3.3 Mapping your capabilities
It is often easier to recognise and name tangible resources. Intangible ones, by their very nature, can be harder to address. Sometimes you can see that the combined impact of tangible and intangible resources can produce an effect that appears more than simply the sum of its parts – they complement and augment each other in a way that creates something bigger and better. On the other hand they do not combine well and the effect produces seems less for some reason. Any long suffering fan of a sports team will recognise this, in particular when things don’t work out.
Grant (2010) suggests in order to put together your resources successfully you need to think through the following (which have been explained here with the help of an example of a restaurant):
- the processes involved, and the sequence of different actions that enable a transformation to take place (e.g. serving a restaurant meal – deciding on a recipe, deciding quantities, sourcing and buying food components, preparing each element, blending ingredients, cooking, apportioning it, presenting and serving it, taking payment for it)
- the organisational structure, how effectively it is co-ordinated, often involving simple things like co-location or apparently simple things like sharing (e.g. does the food prep take place in the restaurant kitchen? Is buying done centrally? Does one kitchen prepare for more than one restaurant?)
- motivation, whether people are able to be effective in realising the potential of the resources (e.g. are waiting staff trained? Do they understand the menu? Are they able to recommend suitable drink options? Is there a reward system – e.g. tipping or share of service charge etc.?)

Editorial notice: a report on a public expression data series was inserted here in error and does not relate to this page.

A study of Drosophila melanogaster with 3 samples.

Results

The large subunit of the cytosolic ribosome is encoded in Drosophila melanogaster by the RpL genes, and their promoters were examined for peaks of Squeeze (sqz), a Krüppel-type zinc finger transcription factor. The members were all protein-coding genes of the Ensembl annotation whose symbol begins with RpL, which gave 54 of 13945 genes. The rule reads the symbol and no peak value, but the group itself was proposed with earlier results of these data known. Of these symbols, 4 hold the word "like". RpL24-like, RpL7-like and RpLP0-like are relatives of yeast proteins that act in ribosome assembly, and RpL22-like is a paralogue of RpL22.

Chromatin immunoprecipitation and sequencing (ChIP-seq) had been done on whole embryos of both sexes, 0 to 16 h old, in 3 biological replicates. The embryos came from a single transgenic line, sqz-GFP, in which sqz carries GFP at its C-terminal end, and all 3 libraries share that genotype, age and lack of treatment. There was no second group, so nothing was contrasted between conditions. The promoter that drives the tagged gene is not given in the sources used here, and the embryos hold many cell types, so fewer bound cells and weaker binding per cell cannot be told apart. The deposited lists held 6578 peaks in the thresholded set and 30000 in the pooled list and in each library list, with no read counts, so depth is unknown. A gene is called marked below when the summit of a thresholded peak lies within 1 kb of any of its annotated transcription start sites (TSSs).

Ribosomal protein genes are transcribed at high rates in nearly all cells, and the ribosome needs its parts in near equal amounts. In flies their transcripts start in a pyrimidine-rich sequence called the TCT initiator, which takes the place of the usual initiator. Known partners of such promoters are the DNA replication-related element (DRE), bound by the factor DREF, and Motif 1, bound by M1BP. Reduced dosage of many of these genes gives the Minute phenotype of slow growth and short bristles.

- alignment, whether all these things come together to ensure a good fit with the wants and needs of customers (e.g. is the restaurant located in a good place with high footfall, the ability to recruit good kitchen and front of house staff, can foods be locally and sustainably sourced so meet demand and quality standards expected etc.?).
Activity 4 Mapping resources and capability
Using the template below, start to map out your resources and think through the capabilities of your organisation, or one that you are familiar with.
This is not a simple exercise and it might take some time, but it is worth doing and might provide some useful insights. For example, examining a corporate monster like Walmart, which on one level appears to be a grocer that has gone global, you will find one of the reasons it was able to out compete others in price and stock was through being very good at logistics to ensure it got the right product in the right place at the right time.
|Process||Organisational structure||Motivation||Organisational alignment|
There is no feedback for this activity.
Next you will look at how to maintain a competitive advantage over other businesses over time.